Like father, like son
Jobe Publishing, Inc.
We’ve all heard it said that the apple doesn’t fall far from the tree. In the case of Chief Delaney Wilson and his son Cameron, it is certainly true.
“He’s been alive the entire time that I’ve been doing this,” said Delaney.
“He was born in May and I started with the Edmonton Police Department in June of 1996.”
At the age of 11, the chief retired his leather gear belt and gave it to Cameron.
“I like to play with it around the house and pretend to be an officer, and that ignited the thought that I might really want to do it someday,” Cameron said.
One year, he even went so far as being Gibbs from CSI for Halloween.
However, his father did not encourage the notion. Since both his father and mother Beth, who is a dispatcher, had worked in the field of law enforcement for decades, they knew the rewards, dangers, and challenges of life and law.
“I think they wanted me to go to college or pick something different,” Cameron said. Taking his parent’s wishes into consideration, after high school he went to nursing school.
“I learned quickly that although I wanted to help people, that I wanted to help them in a different way,” said Cameron. At that time he joined the workforce and had a more typical five day a week job. It was not fulfilling. Again, he turned his sights to law enforcement.
While in nursing school he met his future wife Ashley. Once they were married, he mentioned the idea again to his parents of becoming a law enforcement officer.
“I advised him to wait until the honeymoon phase is over, it’s not easy on a new marriage,” said Delaney, but his son’s heart was set on being like Dad.
Without telling his parents, he applied to go to the Academy. In a strange twist of fate, it was actually the academy in Bowling Green who first tipped Delaney off to the fact that his son had applied.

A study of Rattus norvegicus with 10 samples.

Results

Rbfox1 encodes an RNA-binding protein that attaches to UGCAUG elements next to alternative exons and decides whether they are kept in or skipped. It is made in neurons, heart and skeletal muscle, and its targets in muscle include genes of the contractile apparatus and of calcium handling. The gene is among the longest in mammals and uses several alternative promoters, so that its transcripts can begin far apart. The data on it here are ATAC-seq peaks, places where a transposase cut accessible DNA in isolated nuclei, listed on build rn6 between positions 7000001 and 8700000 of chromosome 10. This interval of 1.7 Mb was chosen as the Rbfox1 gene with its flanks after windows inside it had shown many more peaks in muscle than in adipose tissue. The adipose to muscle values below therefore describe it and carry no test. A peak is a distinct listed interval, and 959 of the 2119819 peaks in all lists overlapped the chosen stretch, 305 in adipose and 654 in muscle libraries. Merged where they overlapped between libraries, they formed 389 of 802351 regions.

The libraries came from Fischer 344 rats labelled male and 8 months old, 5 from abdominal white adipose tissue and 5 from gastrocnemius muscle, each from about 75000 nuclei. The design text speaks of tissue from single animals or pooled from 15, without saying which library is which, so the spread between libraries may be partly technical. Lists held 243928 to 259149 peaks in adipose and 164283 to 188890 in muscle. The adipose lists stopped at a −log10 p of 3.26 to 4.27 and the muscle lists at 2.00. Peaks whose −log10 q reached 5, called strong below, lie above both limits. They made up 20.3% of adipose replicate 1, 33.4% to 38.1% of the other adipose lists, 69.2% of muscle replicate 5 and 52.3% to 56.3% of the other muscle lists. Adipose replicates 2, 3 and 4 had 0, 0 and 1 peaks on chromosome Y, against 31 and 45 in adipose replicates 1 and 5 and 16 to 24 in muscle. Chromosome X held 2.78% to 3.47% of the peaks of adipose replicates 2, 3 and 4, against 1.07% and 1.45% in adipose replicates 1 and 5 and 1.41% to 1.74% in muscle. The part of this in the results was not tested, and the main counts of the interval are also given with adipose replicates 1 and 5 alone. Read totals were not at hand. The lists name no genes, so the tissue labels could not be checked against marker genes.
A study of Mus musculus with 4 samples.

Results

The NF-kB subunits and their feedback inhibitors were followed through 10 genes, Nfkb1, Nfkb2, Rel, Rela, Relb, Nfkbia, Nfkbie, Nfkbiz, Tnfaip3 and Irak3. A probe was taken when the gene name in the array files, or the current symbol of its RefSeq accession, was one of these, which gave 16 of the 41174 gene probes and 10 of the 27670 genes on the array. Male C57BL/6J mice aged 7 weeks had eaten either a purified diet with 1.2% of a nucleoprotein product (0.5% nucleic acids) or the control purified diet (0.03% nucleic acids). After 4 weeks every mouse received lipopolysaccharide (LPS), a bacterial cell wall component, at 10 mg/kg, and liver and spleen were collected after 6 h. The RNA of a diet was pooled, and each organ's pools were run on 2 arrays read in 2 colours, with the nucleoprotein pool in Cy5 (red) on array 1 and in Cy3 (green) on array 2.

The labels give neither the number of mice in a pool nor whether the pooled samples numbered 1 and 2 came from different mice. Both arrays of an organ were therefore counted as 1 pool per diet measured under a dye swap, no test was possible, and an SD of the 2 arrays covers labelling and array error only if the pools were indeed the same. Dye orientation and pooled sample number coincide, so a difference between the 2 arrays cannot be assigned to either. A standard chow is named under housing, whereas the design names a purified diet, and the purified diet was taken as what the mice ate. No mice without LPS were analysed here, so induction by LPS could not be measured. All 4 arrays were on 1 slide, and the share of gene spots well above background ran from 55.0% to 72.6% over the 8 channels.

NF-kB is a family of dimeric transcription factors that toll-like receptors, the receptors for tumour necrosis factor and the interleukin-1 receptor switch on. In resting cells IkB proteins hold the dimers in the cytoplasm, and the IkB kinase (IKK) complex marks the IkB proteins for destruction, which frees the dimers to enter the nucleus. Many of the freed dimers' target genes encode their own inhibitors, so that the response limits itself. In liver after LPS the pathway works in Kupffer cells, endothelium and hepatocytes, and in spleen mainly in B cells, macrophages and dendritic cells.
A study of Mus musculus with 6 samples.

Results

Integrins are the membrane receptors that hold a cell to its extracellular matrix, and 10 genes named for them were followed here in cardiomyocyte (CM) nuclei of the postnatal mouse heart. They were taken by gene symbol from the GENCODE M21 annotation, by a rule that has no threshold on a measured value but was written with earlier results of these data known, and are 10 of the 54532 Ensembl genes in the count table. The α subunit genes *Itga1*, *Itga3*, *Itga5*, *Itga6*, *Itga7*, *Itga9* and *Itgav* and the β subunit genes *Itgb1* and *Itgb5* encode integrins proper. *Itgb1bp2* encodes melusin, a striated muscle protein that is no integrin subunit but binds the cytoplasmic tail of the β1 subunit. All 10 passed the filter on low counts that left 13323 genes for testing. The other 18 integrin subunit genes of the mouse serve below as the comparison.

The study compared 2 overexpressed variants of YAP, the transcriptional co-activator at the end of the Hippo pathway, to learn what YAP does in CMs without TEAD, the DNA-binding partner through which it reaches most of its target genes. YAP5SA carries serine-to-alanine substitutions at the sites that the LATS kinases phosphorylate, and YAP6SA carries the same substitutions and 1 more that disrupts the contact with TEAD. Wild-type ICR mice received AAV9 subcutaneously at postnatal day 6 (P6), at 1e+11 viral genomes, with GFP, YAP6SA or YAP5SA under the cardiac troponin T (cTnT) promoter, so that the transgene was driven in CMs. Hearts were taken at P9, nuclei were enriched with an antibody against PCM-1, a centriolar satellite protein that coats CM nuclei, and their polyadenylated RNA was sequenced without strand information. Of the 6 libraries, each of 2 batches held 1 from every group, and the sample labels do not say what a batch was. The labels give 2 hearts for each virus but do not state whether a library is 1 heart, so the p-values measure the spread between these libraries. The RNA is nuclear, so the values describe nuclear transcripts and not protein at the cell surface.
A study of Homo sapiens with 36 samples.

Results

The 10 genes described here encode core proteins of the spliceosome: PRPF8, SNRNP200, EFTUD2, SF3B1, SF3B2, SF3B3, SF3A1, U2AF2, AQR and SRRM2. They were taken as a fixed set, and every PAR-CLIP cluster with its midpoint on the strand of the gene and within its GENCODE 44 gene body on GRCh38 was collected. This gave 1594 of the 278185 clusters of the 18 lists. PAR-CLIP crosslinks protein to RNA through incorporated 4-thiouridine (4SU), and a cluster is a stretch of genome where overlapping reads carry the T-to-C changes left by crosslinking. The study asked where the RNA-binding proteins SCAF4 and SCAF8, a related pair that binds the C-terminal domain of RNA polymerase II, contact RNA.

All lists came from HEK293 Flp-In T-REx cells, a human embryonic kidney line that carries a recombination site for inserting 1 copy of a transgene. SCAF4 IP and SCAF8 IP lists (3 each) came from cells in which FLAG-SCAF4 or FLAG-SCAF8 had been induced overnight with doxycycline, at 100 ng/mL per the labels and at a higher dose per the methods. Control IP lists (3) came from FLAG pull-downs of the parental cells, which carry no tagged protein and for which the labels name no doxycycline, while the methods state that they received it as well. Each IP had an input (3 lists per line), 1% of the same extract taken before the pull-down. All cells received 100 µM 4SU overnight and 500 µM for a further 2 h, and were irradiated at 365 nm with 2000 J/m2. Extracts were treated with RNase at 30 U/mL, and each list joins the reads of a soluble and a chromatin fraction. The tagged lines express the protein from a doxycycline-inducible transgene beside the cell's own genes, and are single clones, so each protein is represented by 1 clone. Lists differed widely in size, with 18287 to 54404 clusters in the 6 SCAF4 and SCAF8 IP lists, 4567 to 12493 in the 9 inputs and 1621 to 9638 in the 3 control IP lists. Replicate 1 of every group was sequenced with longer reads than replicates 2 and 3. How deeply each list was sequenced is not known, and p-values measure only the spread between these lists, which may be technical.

“They were doing his background check, and they don’t typically call the family for that, but considering my history in law-enforcement they saw it a little differently. To be honest, I was torn about whether I should help him or not,” Delaney said.
Ultimately, putting his fears and concerns aside, he wanted to see his son’s dream come true as much as Cameron did and he encouraged the process.
He started his law enforcement journey by joining the Academy in June 2020, and in November 2020 he became a Bowling Green city police officer.
Even though it’s all new to him, he says that growing up with his father and mother he knew what to expect. There are of course some variables.
The biggest difference between his father’s experience and his own is the size of the towns they serve.
“Down in Bowling Green you might have 40,000 people in just your sector, and here I have 1,700 in the whole city,” said Delaney.
“On a Friday or Saturday night with the people that pour in from surrounding counties for shopping and dining, the college students and residents, we are policing 110,000 people,” Cameron said.
Another drastic difference is that here in Edmonton, chief Wilson knows basically everyone he is dealing with. In Bowling Green, Cameron rarely sees a familiar face. One of the greatest challenges, Cameron says is the language barrier with over 60 languages being spoken in the city of Bowling Green, due to the college, International Center, and influx of a growing city.
Now that it is said and done, Chief Wilson is happy to see his son accomplish his dream.
“The Bowling Green Police Department has a lot of good officers, an excellent training program, and I realize now that Cameron understood a lot about the reality of the job, unlike a lot of kids who see it on TV,” said Delaney.
Chief Wilson’s youngest son Ty is still only 17, but has expressed some interest in the forensic field, but only time will tell if it will be a family tradition too.
As for Cameron, he sees himself as an officer for life. “There are a lot of different avenues you can go through in the Bowling Green Police Department. I definitely enjoy where I am and I plan to build on what I’m learning and grow,” he said.